USD/HKD has slightly declined on Monday, currently trading at 7.7500. The price fell 0.0002, though that still means a flat performance.
Note that the Hong Kong dollar is pegged to the US dollar, so it doesn’t really fluctuate as floating currencies do. The exchange rate target of the Hong Kong Monetary Authority (HKMA) is 7.8000.
Earlier Monday, Hong Kong’s Census and Statistics Department (C&SD) released trade data for last month. According to the report, both imports and exports saw record declines in March.
The value of total exports fell 5.8% last month year-on-year, to $323.6 billion, after an increase of 4.3% in February.
The value of imports tumbled 11.1% compared to March 2019, to $358.4 billion, after a slight decrease of 0.1% in February.
The trade deficit narrowed to $34.7 billion, which represents 9.7% of the value of imported goods.
In the first quarter of 2020, exports fell 9.7% year-on-year, while the value of imports fell 10%. The trade deficit during the quarter was $103.8 billion.
In quarterly terms, exports fell in the three months through March by 9.8%, while imports declined by 5.7%.
A government spokesperson said that exports were weak in March. Nevertheless, he stressed that exports to Mainland China bounced back as the economic activity was gradually restarting. Exports to the US and the European Union continued to decline. Exports to the US fell last month by 29.3%, to the UK were down 34.2%, and to Germany dropped by 33.1%.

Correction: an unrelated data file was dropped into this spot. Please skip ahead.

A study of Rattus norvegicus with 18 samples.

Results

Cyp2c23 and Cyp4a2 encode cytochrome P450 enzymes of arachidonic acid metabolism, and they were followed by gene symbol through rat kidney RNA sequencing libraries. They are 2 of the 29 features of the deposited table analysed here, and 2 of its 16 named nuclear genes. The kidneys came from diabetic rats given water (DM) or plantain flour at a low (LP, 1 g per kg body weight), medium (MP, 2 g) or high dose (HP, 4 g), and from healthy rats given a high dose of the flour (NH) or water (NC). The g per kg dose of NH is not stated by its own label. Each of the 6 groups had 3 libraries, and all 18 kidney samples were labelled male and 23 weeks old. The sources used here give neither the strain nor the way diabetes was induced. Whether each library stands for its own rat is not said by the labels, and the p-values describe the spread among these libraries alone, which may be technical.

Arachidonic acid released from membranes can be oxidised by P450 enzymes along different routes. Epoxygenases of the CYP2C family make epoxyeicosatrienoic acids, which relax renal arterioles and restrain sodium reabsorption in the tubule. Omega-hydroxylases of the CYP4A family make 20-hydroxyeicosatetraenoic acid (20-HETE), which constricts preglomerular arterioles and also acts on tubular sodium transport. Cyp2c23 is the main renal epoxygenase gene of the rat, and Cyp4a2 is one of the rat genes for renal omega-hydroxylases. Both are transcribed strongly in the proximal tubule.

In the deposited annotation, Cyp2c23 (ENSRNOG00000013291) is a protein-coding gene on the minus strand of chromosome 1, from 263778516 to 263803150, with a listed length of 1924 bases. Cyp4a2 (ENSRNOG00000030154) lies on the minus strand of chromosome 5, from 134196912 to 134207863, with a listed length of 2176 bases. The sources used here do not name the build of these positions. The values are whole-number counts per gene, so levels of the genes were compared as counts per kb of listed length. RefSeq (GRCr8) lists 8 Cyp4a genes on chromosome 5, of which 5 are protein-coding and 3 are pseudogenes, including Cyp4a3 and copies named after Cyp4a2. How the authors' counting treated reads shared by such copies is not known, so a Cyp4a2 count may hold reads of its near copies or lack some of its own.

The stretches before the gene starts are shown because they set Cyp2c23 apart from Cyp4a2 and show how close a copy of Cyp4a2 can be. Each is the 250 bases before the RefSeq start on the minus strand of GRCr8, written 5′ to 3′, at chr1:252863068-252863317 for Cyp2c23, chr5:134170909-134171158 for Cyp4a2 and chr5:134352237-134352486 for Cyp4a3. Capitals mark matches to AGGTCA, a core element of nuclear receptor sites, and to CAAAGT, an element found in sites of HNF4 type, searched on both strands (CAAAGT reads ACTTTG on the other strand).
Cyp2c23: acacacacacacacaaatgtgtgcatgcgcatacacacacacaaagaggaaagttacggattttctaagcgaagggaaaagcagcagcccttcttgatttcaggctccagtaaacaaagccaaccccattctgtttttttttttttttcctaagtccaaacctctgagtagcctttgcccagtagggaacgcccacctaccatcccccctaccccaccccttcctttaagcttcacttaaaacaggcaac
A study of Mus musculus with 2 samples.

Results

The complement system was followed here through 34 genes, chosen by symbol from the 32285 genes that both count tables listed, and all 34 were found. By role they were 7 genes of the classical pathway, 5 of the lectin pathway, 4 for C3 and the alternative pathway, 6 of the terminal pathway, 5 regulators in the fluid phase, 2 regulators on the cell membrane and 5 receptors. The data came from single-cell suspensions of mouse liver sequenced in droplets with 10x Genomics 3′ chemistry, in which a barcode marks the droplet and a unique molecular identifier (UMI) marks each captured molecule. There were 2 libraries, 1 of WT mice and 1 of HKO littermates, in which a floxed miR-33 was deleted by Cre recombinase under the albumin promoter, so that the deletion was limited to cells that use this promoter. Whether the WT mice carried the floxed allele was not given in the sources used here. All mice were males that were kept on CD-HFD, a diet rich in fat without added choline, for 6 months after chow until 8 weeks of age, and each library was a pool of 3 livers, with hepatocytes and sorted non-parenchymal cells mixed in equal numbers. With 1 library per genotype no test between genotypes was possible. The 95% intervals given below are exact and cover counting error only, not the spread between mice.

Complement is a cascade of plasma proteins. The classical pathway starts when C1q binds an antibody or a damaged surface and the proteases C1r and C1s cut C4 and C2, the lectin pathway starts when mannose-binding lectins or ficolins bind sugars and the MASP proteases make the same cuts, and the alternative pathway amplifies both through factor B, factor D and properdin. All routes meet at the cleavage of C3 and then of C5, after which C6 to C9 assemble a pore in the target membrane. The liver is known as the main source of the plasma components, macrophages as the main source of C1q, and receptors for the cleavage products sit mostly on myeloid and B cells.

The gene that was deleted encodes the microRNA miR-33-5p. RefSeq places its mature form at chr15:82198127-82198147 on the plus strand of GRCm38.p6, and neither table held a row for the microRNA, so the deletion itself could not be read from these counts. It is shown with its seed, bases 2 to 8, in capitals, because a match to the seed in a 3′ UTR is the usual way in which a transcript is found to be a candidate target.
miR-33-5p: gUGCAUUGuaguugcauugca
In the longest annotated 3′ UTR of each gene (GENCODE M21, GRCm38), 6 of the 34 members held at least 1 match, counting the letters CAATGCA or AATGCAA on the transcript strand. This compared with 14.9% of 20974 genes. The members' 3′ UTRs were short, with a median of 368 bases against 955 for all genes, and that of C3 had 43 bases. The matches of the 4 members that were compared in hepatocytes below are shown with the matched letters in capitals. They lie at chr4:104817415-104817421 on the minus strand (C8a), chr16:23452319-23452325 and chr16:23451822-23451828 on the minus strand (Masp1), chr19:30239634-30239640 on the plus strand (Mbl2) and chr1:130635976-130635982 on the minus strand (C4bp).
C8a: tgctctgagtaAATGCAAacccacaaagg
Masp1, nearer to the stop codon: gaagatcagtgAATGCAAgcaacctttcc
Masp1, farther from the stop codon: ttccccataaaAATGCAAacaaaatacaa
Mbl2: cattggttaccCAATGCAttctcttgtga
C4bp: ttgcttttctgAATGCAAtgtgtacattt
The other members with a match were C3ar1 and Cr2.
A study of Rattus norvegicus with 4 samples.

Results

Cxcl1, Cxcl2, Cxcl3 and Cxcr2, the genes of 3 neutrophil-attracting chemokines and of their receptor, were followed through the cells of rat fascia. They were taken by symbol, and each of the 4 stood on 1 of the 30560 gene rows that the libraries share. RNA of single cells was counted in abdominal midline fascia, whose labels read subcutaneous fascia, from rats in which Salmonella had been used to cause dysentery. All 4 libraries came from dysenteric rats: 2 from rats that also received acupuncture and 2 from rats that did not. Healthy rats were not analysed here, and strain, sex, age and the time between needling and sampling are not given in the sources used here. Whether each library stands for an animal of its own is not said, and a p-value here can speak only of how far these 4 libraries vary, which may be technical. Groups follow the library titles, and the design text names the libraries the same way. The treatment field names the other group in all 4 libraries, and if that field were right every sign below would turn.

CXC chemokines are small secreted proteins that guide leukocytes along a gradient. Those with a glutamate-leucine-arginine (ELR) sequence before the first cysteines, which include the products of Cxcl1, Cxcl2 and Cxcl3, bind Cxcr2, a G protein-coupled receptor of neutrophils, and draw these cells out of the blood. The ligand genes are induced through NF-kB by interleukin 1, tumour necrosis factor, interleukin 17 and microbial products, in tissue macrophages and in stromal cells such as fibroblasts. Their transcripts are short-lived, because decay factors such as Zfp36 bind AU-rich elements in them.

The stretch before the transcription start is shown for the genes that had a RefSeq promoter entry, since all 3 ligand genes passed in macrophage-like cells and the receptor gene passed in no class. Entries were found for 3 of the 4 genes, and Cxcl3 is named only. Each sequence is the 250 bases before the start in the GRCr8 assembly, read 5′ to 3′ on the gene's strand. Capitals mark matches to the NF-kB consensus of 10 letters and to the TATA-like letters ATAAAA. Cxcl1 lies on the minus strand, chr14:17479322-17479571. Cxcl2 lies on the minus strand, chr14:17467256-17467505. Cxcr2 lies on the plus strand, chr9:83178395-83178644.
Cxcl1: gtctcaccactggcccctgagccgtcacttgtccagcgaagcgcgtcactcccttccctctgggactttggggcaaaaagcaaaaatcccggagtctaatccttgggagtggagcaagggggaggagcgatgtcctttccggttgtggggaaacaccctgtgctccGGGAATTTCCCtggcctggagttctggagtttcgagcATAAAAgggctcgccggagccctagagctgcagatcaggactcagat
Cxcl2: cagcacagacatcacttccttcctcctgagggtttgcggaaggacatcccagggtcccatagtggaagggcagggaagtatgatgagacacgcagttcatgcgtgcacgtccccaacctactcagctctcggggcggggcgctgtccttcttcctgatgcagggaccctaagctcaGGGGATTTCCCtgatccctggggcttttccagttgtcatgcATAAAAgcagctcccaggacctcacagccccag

In the coming weeks and month, Hong Kong’s exports will maintain under increased pressure as the coronavirus pandemic has hit the global economy.
In March, the exports decline was driven by non-metallic mineral manufactures, telecommunications and sound recording devices and equipment, and jewellery.
USD Drops Against Majors
Elsewhere, the US dollar has declined against majors like the sterling and the euro as the US economy is facing a recession worst than the Great Depression. A White House economic adviser said yesterday that the unemployment rate might surge to 16% or higher in April. He suggested that the US would need more stimulus.
Kevin Hassett told ABC:
“This is the biggest negative shock that our economy, I think, has ever seen. We’re going to be looking at an unemployment rate that approaches rates that we saw during the Great Depression of the 1930s.”